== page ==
Updated: Jun 1, 2020

Regular care and maintenance will protect your investment of a new or used piano for a lifetime. Following these steps will ensure the pleasure and joy of use, provide a consistent, responsive touch for the ease of playing, and keep your instrument elegant and beautiful. 

There are two main types of care and maintenance: routine maintenance and long term maintenance. 

Routine maintenance is tuning, cleaning, and ensuring a stable environment.


Your piano should be tuned two to four times per year or more depending on your ear’s demands.*  The seasonal change in temperature and humidity will expand and contract the soundboard, changing the tension of the strings. This tension change causes fluctuation of pitch. A stable climate is essential for stable tunings. Please refer to Climate Recommendation below for more information. 

New pianos should be tuned four times the first year or more to provide stability as part of the settling in process. You should not wait “until the piano is settled in” to tune it. Tuning is an essential part of the settling in process.  

During regular routine service visits, your technician will often make minor adjustments to the piano to take care of seasonal issues that may periodically appear. 


Cleaning the outside of the piano is essential for the exterior look of the piano. One often-overlooked point of service is the internal cleaning of the action and soundboard. Qualified piano technicians have tools to clean the soundboard under the strings and can properly remove the action for cleaning. 

Cleaning the piano is essential to keep away critters, maintain action function, and remove dust or dirt. Dust and dirt on the soundboard and plate will capture moisture. That moisture will introduce rust to the tuning and strings degrading the integrity of the parts. Dust and dirt in the action will do the same thing and introduce excessive friction or cause parts to react sluggishly.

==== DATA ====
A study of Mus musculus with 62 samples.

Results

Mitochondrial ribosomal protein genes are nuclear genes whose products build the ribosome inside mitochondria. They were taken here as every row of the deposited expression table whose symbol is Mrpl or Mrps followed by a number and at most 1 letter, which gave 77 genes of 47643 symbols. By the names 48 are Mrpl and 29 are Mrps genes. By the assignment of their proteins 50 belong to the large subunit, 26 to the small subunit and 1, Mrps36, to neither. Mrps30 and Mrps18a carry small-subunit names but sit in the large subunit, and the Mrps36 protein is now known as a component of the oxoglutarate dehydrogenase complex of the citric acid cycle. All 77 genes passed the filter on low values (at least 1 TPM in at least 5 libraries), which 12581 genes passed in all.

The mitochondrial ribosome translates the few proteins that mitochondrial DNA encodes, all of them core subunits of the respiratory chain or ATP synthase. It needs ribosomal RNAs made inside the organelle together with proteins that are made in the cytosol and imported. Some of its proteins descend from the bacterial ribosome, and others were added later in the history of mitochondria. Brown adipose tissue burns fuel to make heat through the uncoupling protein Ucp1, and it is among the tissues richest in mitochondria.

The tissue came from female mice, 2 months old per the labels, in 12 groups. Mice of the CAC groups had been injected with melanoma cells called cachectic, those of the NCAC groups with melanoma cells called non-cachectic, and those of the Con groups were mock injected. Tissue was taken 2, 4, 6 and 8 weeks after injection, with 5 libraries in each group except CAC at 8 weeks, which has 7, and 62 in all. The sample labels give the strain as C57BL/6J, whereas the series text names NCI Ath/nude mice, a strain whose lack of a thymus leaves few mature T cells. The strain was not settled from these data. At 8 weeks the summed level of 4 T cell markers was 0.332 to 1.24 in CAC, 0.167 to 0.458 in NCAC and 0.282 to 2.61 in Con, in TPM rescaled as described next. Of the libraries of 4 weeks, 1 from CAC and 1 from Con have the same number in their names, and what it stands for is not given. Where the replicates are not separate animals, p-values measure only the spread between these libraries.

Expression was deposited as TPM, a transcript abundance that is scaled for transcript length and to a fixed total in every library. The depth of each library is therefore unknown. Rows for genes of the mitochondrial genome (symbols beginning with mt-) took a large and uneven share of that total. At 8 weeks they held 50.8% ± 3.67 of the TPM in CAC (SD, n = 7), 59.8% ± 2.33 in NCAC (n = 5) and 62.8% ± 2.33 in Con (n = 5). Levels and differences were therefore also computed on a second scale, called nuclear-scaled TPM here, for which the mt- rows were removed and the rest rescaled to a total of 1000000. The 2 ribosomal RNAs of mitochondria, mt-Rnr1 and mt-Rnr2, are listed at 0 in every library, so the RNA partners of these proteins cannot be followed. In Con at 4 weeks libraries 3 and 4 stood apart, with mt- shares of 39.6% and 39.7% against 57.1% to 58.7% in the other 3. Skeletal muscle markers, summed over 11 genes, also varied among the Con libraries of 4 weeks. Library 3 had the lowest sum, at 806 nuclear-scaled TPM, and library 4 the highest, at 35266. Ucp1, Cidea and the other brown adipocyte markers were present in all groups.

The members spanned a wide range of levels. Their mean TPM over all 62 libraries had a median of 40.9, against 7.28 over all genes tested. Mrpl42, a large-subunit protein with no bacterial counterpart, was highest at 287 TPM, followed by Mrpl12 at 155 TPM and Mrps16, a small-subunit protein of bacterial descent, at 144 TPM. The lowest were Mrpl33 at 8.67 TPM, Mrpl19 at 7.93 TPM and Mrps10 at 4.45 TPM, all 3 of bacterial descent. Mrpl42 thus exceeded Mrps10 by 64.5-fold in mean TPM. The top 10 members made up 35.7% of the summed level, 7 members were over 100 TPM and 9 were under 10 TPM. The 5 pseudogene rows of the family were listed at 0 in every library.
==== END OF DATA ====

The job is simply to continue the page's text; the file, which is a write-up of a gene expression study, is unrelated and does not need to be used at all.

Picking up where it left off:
Ensuring a stable environment is essential to maintain the tuning and wood of the piano. Keeping a relative humidity range of 35%-50% all year would be best for the piano. The narrower the range the better it is for the piano. It is recommended that you monitor the relative humidity in close proximity of the piano with a hygrometer.

A properly installed Piano Life Saver System will assist with soundboard stability. Speak with your technician to determine which Piano Life Saver System is right for you.  More Information about Piano Life Saver Systems can be found here:

If possible, avoid placing the piano in direct sunlight, on top of heating/cooling vents, or directly over room humidifiers. 

Long term care and maintenance consists of action regulation (touch adjustment) and voicing (tone adjustment). 

Action regulation 

Action regulation is the adjustment of parts that control the overall responsiveness of each key. The action is primarily made of wood and felt. Felt will compress over time and wood will expand and contract with varying humidity levels. These factors will change how your piano feels. Regulating the piano is typically done every three to five years.*


Voicing the piano changes the tone of the piano and is separate from tuning. Tuning is the changing harmonic frequency of each string. Tone adjustment or voicing is changing the color or timbre of the note. As your piano is played, the condition of the hammer felt will change. Qualified technicians can adjust the hammer to change the tonal range of your piano within its limits. Voicing is a personal preference and should be discussed with your technician prior to any work done. Voicing is typically done every two to three years or more based on your ear’s demands.*

*Pianos in concert venues, churches, and institutions will require more frequent service due to the demands of performance, unique climate conditions, and frequency of use.